Today I had this perfect set of tasks that fit neatly into all four quadrants of an idea I’m playing with called the Want/Must Matrix.
The counterintuitive thing I’m arguing is that the tasks that create the most resistance are those we both MUST do and WANT to do.
Common productivity advice when you want to do something but have resistance: “Find a way to force yourself through public accountability, promises to others, etc..”
Softly/playfully, this can help, but when taken seriously, it’s the perfect recipe for procrastination.
When we procrastinate, we’re usually avoiding something that we must do in favor of something we want to do. Right?
This is exactly wrong.
We’re often avoiding the things we most want to do in favor of things we neither want nor must do. 🤦♂️ Why do we do this?
The most common procrastination activities are usually no more than tics disguised as Wanty or Musty or some combination. We spin artificial webs of want/must/must-want to distract ourselves from the discomfort of the friction between obligations and our true desires.
We check email ten times, organize stuff. If we play a game, we do so with a sense of duty (“just need to finish this level”). We aren’t “playing” at all. This isn’t the romantic procrastination we were promised!
Why would we do these things in lieu of what we most want?
If our obligations and true desires are perfectly in line, why wouldn’t that be advantageous? If we get to do “what we love” for “our job,” isn’t that ideal?
Ask someone who has made their “passion” into their “job” and see how smoothly it’s gone for them.
The most common explanation for this incongruity is that we’re somehow afraid of failure and so we don’t start. Sure we’re afraid of failure, but fear of failure is insignificant next to the true cause of the really bad resistance.
The big cause is adding more Must to our Wants.
The great paradox is that, if you Want to do something, adding Must to it adds resistance. The part of us that Wants (and always knows how to do the things we want, needing no help) is completely gummed up by the part of us that tries to coerce and control it.
If you think I’m talking only about work, I’m not. This applies as much to reading or playing with your kids. We have an incredible knack for making anything into an obligation, and when we do, even the thing we want most in the world becomes a massive struggle.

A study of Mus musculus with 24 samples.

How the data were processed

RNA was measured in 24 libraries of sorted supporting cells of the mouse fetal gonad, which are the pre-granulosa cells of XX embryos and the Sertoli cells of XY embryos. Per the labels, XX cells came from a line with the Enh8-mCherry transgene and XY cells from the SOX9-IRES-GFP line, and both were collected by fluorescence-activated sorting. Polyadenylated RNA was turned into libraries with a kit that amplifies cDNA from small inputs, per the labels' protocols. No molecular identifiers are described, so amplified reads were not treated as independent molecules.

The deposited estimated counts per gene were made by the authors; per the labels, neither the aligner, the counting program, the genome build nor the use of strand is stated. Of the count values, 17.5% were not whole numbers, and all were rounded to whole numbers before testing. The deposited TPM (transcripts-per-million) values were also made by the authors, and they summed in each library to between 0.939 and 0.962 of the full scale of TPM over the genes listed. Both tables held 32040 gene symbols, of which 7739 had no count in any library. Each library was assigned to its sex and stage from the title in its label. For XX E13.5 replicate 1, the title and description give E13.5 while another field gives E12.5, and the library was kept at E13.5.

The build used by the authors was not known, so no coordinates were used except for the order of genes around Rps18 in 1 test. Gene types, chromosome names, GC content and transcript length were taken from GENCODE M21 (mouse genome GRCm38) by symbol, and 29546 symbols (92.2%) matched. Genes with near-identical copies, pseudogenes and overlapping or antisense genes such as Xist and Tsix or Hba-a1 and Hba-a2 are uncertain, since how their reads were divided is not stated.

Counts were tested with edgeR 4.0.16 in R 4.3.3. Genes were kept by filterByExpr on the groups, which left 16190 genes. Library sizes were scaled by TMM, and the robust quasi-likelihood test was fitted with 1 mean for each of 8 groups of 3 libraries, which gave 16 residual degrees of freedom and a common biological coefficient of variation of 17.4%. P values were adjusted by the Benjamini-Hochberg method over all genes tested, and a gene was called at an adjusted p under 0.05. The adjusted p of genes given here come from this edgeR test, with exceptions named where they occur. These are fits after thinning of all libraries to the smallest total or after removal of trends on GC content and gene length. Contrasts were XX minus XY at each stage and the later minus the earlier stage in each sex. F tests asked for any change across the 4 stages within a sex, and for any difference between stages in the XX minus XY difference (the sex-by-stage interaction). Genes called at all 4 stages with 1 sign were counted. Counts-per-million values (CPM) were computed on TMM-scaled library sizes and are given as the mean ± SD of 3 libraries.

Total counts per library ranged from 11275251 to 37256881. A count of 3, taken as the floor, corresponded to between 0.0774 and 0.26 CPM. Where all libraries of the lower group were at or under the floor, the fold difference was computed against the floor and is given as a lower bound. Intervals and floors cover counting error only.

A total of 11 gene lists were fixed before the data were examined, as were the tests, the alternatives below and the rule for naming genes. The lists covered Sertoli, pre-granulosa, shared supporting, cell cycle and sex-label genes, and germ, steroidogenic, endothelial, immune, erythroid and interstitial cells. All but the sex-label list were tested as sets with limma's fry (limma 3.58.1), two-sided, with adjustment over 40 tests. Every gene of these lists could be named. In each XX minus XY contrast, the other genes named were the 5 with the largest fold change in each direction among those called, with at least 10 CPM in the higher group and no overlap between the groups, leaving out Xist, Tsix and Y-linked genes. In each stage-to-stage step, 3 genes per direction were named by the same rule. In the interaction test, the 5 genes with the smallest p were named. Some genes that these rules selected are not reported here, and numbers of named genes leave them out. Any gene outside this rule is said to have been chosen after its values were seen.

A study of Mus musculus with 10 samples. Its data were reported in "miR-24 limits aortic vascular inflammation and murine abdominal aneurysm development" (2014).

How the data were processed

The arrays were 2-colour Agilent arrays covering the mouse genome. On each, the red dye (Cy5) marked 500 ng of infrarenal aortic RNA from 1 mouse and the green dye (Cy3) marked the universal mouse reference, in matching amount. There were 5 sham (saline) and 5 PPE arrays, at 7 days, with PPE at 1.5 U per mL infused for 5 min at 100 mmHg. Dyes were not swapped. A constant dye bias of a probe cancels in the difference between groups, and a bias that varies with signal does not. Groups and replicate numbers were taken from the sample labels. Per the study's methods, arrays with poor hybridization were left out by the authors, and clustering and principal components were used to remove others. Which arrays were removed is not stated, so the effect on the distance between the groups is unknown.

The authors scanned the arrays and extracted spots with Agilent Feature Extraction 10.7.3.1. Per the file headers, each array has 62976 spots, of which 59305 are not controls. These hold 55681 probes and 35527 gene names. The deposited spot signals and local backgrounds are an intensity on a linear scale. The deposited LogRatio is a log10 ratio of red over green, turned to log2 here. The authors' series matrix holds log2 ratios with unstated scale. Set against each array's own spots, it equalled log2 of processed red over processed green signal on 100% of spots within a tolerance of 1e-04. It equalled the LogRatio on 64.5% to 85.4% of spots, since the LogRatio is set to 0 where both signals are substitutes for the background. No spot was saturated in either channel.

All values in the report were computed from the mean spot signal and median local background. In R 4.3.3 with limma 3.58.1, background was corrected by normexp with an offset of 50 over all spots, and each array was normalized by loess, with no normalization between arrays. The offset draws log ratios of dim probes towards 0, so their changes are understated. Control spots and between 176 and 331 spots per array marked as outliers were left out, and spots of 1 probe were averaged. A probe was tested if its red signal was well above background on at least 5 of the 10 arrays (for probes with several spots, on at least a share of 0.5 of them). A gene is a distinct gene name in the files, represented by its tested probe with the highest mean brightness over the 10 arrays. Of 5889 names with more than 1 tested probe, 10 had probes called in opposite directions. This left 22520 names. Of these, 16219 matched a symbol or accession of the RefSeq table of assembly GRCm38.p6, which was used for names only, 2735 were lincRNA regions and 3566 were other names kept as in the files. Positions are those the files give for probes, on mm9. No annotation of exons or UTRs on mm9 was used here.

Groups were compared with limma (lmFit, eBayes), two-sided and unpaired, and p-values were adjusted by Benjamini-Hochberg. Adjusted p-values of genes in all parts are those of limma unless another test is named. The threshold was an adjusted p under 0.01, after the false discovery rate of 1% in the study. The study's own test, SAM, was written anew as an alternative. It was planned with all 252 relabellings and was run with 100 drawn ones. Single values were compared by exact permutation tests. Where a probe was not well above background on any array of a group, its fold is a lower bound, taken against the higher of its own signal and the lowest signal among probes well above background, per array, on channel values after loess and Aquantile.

Our coercive/extractive cultural discourse says human behavior is “lazy” or “not lazy”. “Good” people do what they must, and “bad” people do what they want.
This doesn’t hold up. People who do the most are people who have figured out how to do what they want to do with ease.
Learning to do what we want to do is less a process of learning as it is a process of _un_learning. We already naturally know how to do what we want. My 3-year-old never needs to ask herself what she wants to do or try to motivate herself to do it.
“But your 3-year-old doesn’t have real work to do.”
Irrelevant. She begs to help with everything: dishes, cooking, picking up. She’s just not good at these things yet.
Some of the most satisfying work I’ve ever done was cleaning a restaurant kitchen at 1AM or shoveling stone.
There’s nothing precious about the work it takes to write your book or app. It’s no different from stacking firewood or doing dishes. /your thing/ is just something you want to do that you’ve made so Musty that you can’t even access the part of you that wants it anymore.
All Must isn’t bad. A bit of Must can appetize Want/Play. But the Must can’t have judgment attached. “I must post a thread today” = ok. “I must post a GOOD thread today” = dead.
“This better be good” or “You’re in trouble if you miss this deadline.” Not helpful. Not once. Ever.
And the Musty voice needs to fade into background noise if you’re going to actually do/enjoy doing the thing.
The only way for that to happen reliably (Flow) is to actually stop believing that you need the Musty voice. To believe that, you’ll need evidence.
This is proving to be a pretty wide-ranging topic and I’m not going to be able to encapsulate it in one post/thread nicely the way I wanted to. But that’s okay, because there’s nothing about this that I MUST do other than post it, which is fun.
It’s fun to post every day.
Oh, oh! One more peculiar thing on the topic of procrastination:
In The Want/Must Matrix, it appears that procrastination can only happen diagonally. You can only procrastinate with stuff you actually want to do if you’re avoiding stuff you have to do but don’t want to do. 🤔
If you smell something musty, turn around.